Guest post – DigiLearn: Using Wakelet to curate session resources
Author: Jill Dobson – Senior Lecturer in Acute Critical and Emergency Care
As a course team, we wanted to maintain consistency for our students in the delivery of each session we delivered online. The course leader provided the structure for how each session could be delivered, but the way this content was presented was left to each member of the team. We decided that to provide students with resources for each session, Wakelet appeared to provide the easiest and most suitable option.
If you press the home button in the top right corner, you can either begin creating a new collection, or view others that you may have curated at an earlier point.
In Wakelet, you are provided with a wall where YouTube videos, PDFs, documents from OneDrive and URL links can all be added on to the platform. There is also the option to upload a Flipgrid video – adding up to 10-minutes of video content.
Another benefit of Wakelet, is that you can add contributors. This means that other team members can also add their own resources and ideas to the collection.
I also wanted to add additional resources to the platform but wasn’t sure if this would work. However, when I added the link to a Prezi presentation and a Kahoot! quiz, they both worked in the Wakelet collection too!
Within the settings tab in the left-hand corner of edit mode, background images can be changed and sharing options can be altered. Once editing is complete, click ‘Done’ in the top right corner and remember to check that the collection has the visibility option that you want: private, unlisted (where only people provided with the link can view), or public.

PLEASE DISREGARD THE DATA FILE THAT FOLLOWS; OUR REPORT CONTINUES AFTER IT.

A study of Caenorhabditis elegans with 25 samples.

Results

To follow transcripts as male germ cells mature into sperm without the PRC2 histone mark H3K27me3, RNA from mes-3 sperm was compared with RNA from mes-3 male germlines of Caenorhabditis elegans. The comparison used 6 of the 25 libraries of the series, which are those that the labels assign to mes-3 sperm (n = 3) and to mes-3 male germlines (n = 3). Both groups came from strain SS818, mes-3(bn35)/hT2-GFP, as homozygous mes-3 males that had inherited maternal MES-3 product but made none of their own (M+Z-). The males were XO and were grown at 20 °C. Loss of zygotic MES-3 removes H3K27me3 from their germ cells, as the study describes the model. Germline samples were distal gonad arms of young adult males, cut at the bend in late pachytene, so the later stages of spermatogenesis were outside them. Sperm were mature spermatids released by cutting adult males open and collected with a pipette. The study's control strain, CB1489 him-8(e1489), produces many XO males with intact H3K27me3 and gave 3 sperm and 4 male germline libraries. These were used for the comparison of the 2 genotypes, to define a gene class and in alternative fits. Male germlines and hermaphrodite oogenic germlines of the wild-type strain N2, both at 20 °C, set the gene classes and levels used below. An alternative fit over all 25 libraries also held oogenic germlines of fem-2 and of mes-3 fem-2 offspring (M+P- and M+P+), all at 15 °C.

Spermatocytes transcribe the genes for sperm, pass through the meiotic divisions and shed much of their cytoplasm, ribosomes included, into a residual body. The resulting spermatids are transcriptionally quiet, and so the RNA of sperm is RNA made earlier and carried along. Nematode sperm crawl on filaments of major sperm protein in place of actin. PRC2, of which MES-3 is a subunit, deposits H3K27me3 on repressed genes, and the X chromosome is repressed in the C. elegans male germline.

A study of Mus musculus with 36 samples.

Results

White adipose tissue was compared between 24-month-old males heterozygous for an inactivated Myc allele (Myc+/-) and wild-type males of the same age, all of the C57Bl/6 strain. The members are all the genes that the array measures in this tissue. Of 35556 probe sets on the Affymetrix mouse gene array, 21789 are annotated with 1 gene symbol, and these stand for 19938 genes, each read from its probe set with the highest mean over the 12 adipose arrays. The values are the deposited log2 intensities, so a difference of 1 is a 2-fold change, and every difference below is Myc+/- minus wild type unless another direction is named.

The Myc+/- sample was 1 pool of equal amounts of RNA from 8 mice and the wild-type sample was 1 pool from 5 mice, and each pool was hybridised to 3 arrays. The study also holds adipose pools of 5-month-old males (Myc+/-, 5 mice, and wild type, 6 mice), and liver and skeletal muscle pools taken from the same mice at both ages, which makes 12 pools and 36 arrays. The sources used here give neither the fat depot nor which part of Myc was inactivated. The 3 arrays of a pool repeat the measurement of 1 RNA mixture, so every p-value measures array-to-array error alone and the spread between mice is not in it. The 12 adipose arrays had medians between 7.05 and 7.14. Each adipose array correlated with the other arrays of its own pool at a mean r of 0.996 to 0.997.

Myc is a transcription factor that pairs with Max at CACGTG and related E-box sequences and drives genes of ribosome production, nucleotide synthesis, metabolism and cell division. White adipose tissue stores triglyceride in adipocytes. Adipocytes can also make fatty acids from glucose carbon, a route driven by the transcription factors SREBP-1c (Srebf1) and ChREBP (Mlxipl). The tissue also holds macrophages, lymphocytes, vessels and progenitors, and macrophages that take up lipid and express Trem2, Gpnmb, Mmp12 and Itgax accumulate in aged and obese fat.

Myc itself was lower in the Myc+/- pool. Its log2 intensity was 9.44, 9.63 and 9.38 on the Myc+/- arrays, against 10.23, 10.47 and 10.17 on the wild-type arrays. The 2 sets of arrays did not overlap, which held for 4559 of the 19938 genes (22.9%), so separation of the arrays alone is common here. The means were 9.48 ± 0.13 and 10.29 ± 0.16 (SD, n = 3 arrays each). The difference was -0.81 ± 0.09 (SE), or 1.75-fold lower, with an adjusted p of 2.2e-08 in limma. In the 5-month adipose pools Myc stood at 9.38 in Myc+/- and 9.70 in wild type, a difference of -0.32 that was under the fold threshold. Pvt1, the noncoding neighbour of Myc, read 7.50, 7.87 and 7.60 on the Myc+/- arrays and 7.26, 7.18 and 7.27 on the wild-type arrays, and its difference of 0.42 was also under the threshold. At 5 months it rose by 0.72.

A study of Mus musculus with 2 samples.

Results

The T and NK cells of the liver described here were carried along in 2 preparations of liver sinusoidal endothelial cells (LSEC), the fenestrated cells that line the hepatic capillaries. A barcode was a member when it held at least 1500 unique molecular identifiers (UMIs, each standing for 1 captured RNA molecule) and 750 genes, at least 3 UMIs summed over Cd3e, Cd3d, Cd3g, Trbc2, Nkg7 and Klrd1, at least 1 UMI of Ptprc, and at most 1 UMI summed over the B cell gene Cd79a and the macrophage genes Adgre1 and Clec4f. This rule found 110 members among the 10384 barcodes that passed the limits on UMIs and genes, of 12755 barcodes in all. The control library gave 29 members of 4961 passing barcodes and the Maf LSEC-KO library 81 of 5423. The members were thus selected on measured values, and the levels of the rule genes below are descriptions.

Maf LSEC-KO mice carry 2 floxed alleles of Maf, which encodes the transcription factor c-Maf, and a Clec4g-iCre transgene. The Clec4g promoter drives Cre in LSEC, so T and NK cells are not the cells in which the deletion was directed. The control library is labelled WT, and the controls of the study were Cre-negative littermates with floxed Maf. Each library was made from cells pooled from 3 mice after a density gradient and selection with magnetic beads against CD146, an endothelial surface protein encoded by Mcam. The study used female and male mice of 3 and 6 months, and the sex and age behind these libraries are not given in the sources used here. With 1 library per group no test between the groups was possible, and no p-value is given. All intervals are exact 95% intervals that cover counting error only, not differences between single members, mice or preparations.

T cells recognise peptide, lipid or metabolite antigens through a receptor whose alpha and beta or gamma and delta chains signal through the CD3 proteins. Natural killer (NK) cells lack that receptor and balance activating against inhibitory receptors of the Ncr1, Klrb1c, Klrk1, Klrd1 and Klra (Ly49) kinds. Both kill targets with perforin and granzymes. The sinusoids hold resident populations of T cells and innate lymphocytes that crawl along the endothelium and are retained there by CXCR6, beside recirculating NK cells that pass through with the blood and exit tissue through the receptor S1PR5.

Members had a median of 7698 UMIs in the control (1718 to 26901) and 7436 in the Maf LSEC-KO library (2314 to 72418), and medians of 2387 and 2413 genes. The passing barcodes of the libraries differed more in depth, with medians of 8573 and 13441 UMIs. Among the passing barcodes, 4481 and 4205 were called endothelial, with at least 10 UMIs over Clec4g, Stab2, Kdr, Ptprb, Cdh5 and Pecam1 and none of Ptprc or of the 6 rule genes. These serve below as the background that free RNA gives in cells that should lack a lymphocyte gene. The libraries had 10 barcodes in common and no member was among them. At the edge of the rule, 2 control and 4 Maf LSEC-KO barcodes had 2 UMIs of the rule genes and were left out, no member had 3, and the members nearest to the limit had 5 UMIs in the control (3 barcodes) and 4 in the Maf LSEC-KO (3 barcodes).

The link can then be shared/embedded via Microsoft Teams, Twitter, Facebook, Remind, reddit and Google. The collection can also be added into OneNote Class Notebook. Simply paste the link to the collection, and the content will embed itself – https://wke.lt/w/s/hHwFzy.
You can also download a PDF copy of all that has been uploaded.
The embedded videos work by redirecting to the appropriate website when clicked on.
In the bottom left corner of the home page is a help section, where you can find a training centre to both ask for help, and seek inspiration.
I can’t find any negatives with this platform. It is ideal for students as a ‘one stop shop’ – which is what they usually want instead of navigating around several sites. It also enables a student to see exactly what is expected within the session, and in what order. I believe students will find this very beneficial, and I’m sure we will receive great feedback from embedding this particular approach.